Bahai News - Human rights reform in Iran an irreversible trend: UN

Human rights reform in Iran an irreversible trend: UN

Web Posted on Wednesday, April 5, 2000

Swizterland, GENEVA - Reform of Iran's human rights situation is an irreversible trend and is expected to pick up speed, while a sense of accountability is also emerging, a UN rapporteur said Thursday.But resistance to change in Iran still exists, a fact made clear by press reports, in themselves a reflection of freedom of expression, special representative Maurice Danby Copithorne told journalists.

"I believe the trend to change, to reform is now in effect irreversible. The question will be more at what speed it progresses," he said, adding his own expectation was for an acceleration over the next 12 months.

"There is resistance to this change. It is very evident from press reports we all see and that itself is a reflection of the freedom of expression that is to a very wide degree now felt, reflected, respected in Iran," Copithorne added.

"I believe out of this new freedom of expression the sense of accountability is now emerging and I think this is very significant for civil society," he said.

Copithorne has presented a report, dated January and covering the second half of last year, to the UN Human Rights Commission currently holding its six-week annual session here.

The report says Iran's law on human rights needs significant improvement, adding that the government has been neither thorough nor prompt in dealing with disappearances and suspicious deaths or in its handling of last July's student demonstrations.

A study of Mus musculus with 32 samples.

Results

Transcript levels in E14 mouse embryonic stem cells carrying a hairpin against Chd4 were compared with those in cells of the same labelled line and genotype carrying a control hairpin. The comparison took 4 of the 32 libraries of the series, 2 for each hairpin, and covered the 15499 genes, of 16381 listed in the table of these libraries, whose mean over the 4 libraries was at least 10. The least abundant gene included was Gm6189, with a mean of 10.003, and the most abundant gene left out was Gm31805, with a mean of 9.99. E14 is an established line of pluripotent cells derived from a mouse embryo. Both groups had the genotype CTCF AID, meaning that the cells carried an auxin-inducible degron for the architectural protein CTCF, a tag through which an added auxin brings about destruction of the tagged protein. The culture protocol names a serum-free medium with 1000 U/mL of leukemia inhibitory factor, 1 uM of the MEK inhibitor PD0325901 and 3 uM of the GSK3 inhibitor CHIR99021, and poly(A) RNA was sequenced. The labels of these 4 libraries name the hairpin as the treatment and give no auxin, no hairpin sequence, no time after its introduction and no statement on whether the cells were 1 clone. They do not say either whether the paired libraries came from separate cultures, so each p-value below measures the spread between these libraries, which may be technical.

It also noted press reports in Iran of sentences where fingers were amputated, a prisoner received 100 lashes before being sentenced to death and stoning for adultery.

Copithorne told reporters: "It is undeniable that human rights violations are continuing to occur in Iran. But they now are in a little different environment because they face the prospect of the glare of public attention through the press."

"What we are seeing in the press with regard to human rights violations would not, in my view, have got into the press three years ago," he said.

And he highlighted a recent change for religious and ethnic minorities.

Couples wanting to register their marriage are no longer required to state their religion, he said, as is still the case in Iran in applying for university or a passport for example.

"The Baha'is in particular were faced with a dilemma by this because if they put in Baha'i, the form was likely to be rejected saying that as a government form we cannot accept any non-recognised religion," he added.